Power and Identity in the Middle Ages: Essays in Memory of Rees Davies

OUP Oxford, 2007 M07 12 - 283 pages
Collecting sixteen thought-provoking new essays by leading medievalists, this volume celebrates the work of the late Rees Davies. Reflecting Davies' interest in identities, political culture and the workings of power in medieval Britain, the essays range across ten centuries, looking at a variety of key topics. Issues explored range from the historical representations of peoples and the changing patterns of power and authority, to the notions of 'core' and 'periphery' and the relationship between local conditions and international movements. The political impact of words and ideas, and the parallels between developments in Wales and those elsewhere in Britain, Ireland and Europe are also discussed. Appreciations of Rees Davies, a bibliography of his works, and Davies' own farewell speech to the History Faculty at the University of Oxford complete this outstanding tribute to a much-missed scholar.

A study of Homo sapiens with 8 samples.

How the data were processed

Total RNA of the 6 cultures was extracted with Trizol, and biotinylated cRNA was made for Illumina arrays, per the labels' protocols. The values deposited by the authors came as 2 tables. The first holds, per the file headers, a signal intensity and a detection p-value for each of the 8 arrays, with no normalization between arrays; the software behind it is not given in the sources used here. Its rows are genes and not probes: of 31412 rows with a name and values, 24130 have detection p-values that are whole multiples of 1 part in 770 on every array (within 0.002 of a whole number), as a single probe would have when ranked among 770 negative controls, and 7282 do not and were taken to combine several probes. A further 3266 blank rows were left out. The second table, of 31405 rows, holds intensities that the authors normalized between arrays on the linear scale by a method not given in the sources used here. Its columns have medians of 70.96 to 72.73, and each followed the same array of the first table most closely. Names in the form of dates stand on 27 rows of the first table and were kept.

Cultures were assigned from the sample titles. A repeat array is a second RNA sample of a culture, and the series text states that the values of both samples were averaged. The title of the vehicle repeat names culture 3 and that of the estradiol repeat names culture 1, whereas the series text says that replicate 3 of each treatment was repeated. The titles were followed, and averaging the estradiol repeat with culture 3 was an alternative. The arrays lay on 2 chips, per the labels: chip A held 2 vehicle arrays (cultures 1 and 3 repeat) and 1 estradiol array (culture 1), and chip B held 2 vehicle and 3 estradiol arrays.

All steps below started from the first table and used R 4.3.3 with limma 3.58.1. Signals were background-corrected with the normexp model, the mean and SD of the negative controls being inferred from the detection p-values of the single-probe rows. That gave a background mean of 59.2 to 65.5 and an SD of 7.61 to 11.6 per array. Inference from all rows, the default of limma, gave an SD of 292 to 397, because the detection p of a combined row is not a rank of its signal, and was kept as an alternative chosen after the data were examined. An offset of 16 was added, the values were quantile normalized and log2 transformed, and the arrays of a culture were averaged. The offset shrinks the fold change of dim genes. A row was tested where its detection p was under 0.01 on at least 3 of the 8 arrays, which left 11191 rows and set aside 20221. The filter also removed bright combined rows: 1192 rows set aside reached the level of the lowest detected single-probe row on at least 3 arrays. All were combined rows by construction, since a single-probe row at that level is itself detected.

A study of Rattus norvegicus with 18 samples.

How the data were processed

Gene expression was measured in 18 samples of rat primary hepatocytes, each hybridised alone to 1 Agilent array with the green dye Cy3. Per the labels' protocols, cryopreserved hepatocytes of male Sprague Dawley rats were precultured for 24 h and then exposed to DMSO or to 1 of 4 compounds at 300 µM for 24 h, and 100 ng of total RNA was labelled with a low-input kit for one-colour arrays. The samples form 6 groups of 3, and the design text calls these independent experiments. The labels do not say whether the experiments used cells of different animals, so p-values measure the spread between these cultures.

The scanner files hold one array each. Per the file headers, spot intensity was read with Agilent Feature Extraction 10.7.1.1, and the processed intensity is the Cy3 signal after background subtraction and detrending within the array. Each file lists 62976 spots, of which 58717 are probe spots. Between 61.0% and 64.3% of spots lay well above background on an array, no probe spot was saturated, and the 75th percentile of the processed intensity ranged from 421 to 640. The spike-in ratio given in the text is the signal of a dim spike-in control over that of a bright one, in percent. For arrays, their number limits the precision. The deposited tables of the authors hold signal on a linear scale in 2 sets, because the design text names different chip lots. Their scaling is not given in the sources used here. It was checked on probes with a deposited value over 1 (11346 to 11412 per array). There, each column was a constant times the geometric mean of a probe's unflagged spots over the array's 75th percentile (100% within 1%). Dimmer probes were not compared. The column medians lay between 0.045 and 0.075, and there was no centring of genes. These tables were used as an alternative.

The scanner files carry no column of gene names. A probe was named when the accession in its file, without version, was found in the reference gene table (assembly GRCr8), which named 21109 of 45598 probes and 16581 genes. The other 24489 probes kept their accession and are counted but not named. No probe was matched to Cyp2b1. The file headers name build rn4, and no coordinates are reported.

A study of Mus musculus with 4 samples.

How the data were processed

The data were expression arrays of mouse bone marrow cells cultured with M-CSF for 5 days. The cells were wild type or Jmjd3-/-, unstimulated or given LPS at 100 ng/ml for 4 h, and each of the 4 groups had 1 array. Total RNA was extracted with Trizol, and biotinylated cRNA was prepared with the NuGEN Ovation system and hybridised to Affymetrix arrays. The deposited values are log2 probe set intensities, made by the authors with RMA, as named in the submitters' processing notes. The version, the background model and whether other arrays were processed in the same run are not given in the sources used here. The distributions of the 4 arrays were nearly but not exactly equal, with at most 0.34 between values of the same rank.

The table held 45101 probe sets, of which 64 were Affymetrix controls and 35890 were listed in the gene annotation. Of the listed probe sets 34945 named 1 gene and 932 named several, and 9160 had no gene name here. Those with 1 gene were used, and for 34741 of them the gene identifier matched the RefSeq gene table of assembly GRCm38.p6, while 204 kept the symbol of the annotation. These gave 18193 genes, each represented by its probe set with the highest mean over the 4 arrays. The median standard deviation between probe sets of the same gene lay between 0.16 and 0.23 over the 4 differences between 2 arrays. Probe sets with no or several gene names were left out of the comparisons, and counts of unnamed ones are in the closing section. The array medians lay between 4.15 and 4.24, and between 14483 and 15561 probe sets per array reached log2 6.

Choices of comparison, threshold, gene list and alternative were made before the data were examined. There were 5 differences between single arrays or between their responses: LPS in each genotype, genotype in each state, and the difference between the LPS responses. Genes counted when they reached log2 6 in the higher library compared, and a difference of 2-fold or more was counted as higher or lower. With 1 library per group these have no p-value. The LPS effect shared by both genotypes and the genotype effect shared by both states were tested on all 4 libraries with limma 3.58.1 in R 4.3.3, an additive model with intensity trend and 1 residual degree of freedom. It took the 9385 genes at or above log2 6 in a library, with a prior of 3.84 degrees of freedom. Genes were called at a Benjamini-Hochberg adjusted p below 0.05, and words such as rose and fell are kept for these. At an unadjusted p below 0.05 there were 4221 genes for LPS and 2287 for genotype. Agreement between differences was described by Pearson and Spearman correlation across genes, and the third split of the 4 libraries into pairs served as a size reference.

Introduction
1
1 Appreciations
5
2 Secular Power and Authority in the Middle Ages
11
The Mental and Physical Geography of Medieval Europe
23
4 Welsh Rulers and European Change c11001282
37
5 Bede and the Unchosen Race
52
6 The Early Middle Ages and Spanish Identity
68
7 Normanizing the English Invaders of Ireland
85
the Ebb Tide of the English Empire?
153
12 The Charterhouse of Cadzand and the Serendipities of Empire
164
A Comparative View
181
14 Cheshire and Wales
195
15 Crossing the Frontiers of the English Realm in the Fifteenth Century
211
Power and Politics During the Wars of the Roses
226
The Changing Meaning of the Commons 13811549
242
18 A Farewell Speech
261

8 Lordship and Society in Twelfthcentury Clydesdale
98
9 Lordship and Liberties in Ireland and Wales c1170c1360
125
The Common Lawyers and the Law of Wales
139
A Bibliography of the Published Writings of Rees Davies
264
Index
275

Huw Pryce is a Professor of Welsh History, University of Wales, Bangor. John Watts is a Fellow and Tutor in History, Corpus Christi College, Oxford.